GRAND FORKS, N.D.—Roger W. Schauer, M.D., associate professor in the Department of Family and Community Medicine at the University of North Dakota School of Medicine and Health Sciences, was honored with the prestigious Leonard Tow Humanism in Medicine Faculty Award at the school's commencement on May 10. Amy M. Enterline Consson, M.D., a 2014 UND medical school graduate, received the Tow Award for graduating medical students.
The Leonard Tow Humanism in Medicine Awards are sponsored by the New Jersey-based Arnold P. Gold Foundation. The awards recognize a physician and a graduating medical student who best demonstrate the foundation's ideals of outstanding compassion in the delivery of care, respect for patients, their families and health care colleagues, as well as demonstrated clinical excellence. The Gold Foundation sponsors the annual Leonard Tow Humanism in Medicine Awards at 97 of the nation's medical schools. The awards are made possible through a generous donation from entrepreneur and teacher Leonard Tow.
"Dr. Schauer embodies humanism. He is welcoming, empathetic and compassionate. He is always approachable and accessible and most of all respectful," said Stephen J. Tinguely, M.D., associate professor and chair of the Department of Pediatrics at the UND School of Medicine and Health Sciences; and Charles Christianson, M.D., associate professor in the Department of Family and Community Medicine, and associate dean for clinical education at the school. They nominated Schauer for the award. "He is the best of listeners and the wisest of counselors."
"Schauer spent 18 years in rural family practice in Hettinger, where his practice ranged from prenatal care and deliveries to care for the elderly to family therapy," Tinguely and Christianson said. "When he came to the medical school to take over directorship of our family medicine clerkship and later the ROME program, we are sure there were thousands of patients and physicians in southwestern North Dakota who were sad to see him leave.
A Wishek, N.D., native, Schauer has been family and community medicine clerkship director and the director of ROME, Rural Opportunities in Medical Education, at UND for 23 years. ROME is a 24–32 week interdisciplinary experience in a rural primary care setting that is open to third-year students at the School of Medicine and Health Sciences. Students live and train in nonmetropolitan communities under the supervision of physician preceptors. ROME students experience health care delivery in rural areas throughout the state of North Dakota, where providing access to health care is sometimes challenging. Students learn about problems commonly encountered in primary care, from routine health maintenance to medical emergencies and rare and unusual diagnoses. Each primary preceptor is board-certified in family medicine, but students also work with board-certified surgeons, internists, pediatricians, and other specialists available in the community.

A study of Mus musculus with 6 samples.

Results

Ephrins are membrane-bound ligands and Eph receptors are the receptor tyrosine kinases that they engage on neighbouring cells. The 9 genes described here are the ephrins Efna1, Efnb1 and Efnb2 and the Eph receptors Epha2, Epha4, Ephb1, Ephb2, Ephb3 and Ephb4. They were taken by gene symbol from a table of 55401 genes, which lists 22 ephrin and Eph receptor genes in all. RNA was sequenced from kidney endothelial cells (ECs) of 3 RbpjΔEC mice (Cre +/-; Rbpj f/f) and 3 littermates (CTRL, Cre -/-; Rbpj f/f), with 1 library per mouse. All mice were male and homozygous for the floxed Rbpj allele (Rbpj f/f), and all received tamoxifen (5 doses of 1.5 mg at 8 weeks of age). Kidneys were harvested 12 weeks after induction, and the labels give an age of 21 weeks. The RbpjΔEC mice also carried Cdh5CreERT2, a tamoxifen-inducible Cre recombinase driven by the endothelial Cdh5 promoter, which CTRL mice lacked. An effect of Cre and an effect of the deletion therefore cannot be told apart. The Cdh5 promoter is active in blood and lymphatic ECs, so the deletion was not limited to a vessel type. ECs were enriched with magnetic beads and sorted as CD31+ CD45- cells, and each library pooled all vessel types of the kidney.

Schauer earned a Bachelor of Science in Biology and a Bachelor of Science in Medicine both from UND. He received his M.D. degree from Wayne State University School of Medicine in Detroit, Mich. He completed his post-medical school residency training in family medicine at the Hennepin County Medical Center in Minneapolis, Minn. He has also completed a Bush Clinical Fellowship.
He is board-certified by the American Board of Family Medicine. His research interests and publications are focused on medical education and family-centered primary care, particularly in rural areas. He is highly involved in national and North Dakota family medicine organizations. He was named North Dakota Family Physician of the Year in 1990, and he won the 2002 Friend of Nursing Award from the North Dakota Nurses Association. He is a fellow of the American Academy of Family Physicians and is chair of the North Dakota Academy of Family Physicians Foundation.
"He approached his educational duties with a remarkable sense of responsibility," Tinguely and Christianson said. "He visited every family medicine student and their preceptor throughout the state, throughout the year. He used these visits as an opportunity to teach and to build relationships. Everyone who has had the good fortune to work with or be taught by Dr. Schauer will agree that he is a wonderful model of a humanistic physician and is most deserving of this award."